As there was a brief break from incessant downpour I wanted to get as much of photo opportunity as possible. I, with my family and my friends Dijiraj Nair and Shivashankar Nayak headed to Kudremukh National Park. I will show you few of the great shots we took in subsequent blogs. Afternoon following lunch at Kudremukh town we spotted a bold Malabar Whistling Thrush (Myophonus horsfieldii) sitting on a old metal gate and singing. While we all clicked at it using our big lenses it was singing without any hesitation and giving us great poses.
The Malabar Whistling Thrush (Myophonus horsfieldii) is a whistling thrush in the thrush family Turdidae. They are also known locally by the name of Whistling Schoolboy for the whistling calls that they make at dawn that have a very human quality. The species is a resident in the Western Ghats and associated hills of peninsular India including central India and parts of the Eastern Ghats.
This large thrush appears blackish with shiny patches of blue on the forehead and shoulders. The blue becomes visible only in oblique lighting. The bill and legs are black. The sexes are indistinguishable and juveniles are more brownish and lack the blue forehead.
The species is found all along the Western Ghats south of the Surat Dangs with some populations in Mt. Abu, Rajasthan. They are also found along the Satpura range to northwestern Orissa.
Malabar Whistling Thrushes are usually found in dark undergrowth and dense riverine forest. Half an our later we spotted another bird in the middle of the town and another female bird bathing nearby. We had great and extremely close look. I was trying Canon EF 300mm f/2.8 L IS USM with Canon EF 1.4x II Extender on Canon EOS 7D. Excitement of seeing bird at a such a close range, I had forgotten to check the auto focus setting of Canon EOS 7D. AI servo tracking sensitivity was turned too high. This resulted in the camera hunting focus when I try to focus in AI servo mode. Because of this I could get only few shots which were clearly in focus. I realized this mistake only the next day after seeing the photos. The “fast” tracking sensitivity setting means that when you’re shooting low, the camera will bounce a lot between the target and the background.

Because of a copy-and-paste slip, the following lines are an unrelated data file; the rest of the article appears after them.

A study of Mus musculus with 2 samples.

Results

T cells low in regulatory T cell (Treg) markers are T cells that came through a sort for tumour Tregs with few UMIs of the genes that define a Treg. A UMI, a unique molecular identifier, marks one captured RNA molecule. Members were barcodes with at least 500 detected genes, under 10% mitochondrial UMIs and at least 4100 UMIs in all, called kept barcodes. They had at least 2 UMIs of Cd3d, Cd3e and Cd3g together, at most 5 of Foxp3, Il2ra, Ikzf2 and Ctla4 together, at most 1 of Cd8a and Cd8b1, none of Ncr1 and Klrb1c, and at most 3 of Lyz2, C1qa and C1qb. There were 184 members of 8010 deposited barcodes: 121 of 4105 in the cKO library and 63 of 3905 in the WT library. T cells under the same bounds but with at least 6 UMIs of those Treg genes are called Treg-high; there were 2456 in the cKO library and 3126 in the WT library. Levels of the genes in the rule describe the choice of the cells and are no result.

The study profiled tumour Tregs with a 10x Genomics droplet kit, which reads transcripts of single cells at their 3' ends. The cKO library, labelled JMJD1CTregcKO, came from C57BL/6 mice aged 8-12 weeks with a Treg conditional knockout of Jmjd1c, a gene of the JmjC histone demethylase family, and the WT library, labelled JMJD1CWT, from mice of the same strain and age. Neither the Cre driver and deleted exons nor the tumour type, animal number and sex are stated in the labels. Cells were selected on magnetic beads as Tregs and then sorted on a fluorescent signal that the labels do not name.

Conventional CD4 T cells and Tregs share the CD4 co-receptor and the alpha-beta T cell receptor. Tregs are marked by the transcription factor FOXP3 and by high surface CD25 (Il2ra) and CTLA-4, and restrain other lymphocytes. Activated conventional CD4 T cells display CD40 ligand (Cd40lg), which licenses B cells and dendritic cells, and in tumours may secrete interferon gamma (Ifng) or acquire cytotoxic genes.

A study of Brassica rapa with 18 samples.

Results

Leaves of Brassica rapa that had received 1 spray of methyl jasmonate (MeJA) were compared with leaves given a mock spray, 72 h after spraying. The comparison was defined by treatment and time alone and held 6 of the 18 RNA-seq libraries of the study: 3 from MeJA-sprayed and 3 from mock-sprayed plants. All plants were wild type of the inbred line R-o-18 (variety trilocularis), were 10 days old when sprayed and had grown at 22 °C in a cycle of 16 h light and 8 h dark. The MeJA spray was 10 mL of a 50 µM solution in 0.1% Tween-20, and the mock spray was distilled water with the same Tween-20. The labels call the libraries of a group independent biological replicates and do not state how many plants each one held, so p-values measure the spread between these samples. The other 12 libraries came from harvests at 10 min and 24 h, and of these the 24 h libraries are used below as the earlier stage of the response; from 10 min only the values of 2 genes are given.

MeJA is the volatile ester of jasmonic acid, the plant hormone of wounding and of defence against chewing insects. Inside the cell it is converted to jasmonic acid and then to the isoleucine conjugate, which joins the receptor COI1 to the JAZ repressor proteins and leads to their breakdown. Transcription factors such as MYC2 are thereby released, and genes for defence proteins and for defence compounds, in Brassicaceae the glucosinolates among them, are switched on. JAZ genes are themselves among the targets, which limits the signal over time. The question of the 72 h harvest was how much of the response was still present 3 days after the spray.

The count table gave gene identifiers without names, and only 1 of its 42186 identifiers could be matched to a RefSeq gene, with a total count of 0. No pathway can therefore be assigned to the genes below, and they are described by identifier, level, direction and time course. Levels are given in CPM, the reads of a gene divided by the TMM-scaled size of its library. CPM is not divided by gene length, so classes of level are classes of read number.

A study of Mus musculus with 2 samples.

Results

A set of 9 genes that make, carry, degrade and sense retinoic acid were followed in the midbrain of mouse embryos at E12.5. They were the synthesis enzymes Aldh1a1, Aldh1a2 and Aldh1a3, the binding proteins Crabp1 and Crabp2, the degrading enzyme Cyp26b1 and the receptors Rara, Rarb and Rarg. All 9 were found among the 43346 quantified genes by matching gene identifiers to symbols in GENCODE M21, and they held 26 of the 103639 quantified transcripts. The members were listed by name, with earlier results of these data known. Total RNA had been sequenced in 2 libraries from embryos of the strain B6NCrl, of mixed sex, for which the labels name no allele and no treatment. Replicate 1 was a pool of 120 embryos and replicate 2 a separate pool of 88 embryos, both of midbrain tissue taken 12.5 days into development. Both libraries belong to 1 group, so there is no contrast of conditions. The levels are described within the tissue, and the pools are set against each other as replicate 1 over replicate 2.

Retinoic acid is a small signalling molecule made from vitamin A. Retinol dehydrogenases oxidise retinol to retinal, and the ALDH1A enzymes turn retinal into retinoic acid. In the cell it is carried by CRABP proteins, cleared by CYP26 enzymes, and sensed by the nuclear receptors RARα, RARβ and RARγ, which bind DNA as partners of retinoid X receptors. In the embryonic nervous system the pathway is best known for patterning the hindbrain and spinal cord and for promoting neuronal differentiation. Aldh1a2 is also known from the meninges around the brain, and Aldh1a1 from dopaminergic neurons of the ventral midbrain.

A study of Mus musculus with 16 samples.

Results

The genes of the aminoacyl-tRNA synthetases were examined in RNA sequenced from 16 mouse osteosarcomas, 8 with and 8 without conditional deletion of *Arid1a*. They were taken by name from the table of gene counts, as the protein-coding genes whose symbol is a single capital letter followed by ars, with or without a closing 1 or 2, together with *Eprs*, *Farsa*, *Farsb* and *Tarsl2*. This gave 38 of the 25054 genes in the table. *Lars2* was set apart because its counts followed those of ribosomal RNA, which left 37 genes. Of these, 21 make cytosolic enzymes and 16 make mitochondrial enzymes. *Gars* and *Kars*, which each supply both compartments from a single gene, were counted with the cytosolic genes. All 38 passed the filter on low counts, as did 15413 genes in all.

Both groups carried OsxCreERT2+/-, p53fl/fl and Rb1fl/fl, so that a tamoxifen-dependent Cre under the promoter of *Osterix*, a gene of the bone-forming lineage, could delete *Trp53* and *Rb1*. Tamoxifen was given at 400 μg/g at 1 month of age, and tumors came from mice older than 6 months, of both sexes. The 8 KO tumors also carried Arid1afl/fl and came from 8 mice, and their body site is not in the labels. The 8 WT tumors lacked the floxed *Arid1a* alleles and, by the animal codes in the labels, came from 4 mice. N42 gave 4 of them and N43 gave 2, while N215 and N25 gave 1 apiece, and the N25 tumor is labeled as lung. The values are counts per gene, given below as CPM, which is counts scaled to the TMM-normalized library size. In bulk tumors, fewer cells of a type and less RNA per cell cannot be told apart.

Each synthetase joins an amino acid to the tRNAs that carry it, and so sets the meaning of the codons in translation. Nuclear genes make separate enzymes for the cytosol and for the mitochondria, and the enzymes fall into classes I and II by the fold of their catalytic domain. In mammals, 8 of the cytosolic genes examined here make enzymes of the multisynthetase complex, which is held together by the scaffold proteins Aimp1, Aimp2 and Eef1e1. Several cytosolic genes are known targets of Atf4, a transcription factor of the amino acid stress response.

Quote taken from the canon site http://cpn.canon-europe.com/content/education/technical/eos_7D_custom_functions_explained.do
“The focus tracking sensitivity refers to how the camera responds and switches to another subject during focus tracking. This response sensitivity refers to how long the camera waits before switching to a new target subject when the current target subject escapes an AF point. It doesn’t adjust how quickly the autofocus tracks.”
Shiva who was equipped with Canon EF 500mm f/4 L IS USM Lens and much more experience in bird photography than me has captured the same birds excellently. Check his photos here – Malabar whistling thrush #1, Profile of whistler.., Portrait of whistler.. and Video of Whistler’s call. You can also check Diji’s capture using Canon EF 300mm f/4.0 L IS USM here.
They are omnivorous, eating a wide range of insects, crabs,frogs, earthworms and berries. They are usually seen singly or in pairs. This is a bold species and is often found close to human habitation. The male sings its varied and melodious whistling song from trees during summer. They may song for long early at dawn but at other times of the day they often utter sharp single or two note whistles. They were once popular as cage birds, with the ability to learn entire tunes. They bathe frequently in water usually in the mornings and evenings but at midday during hot weather.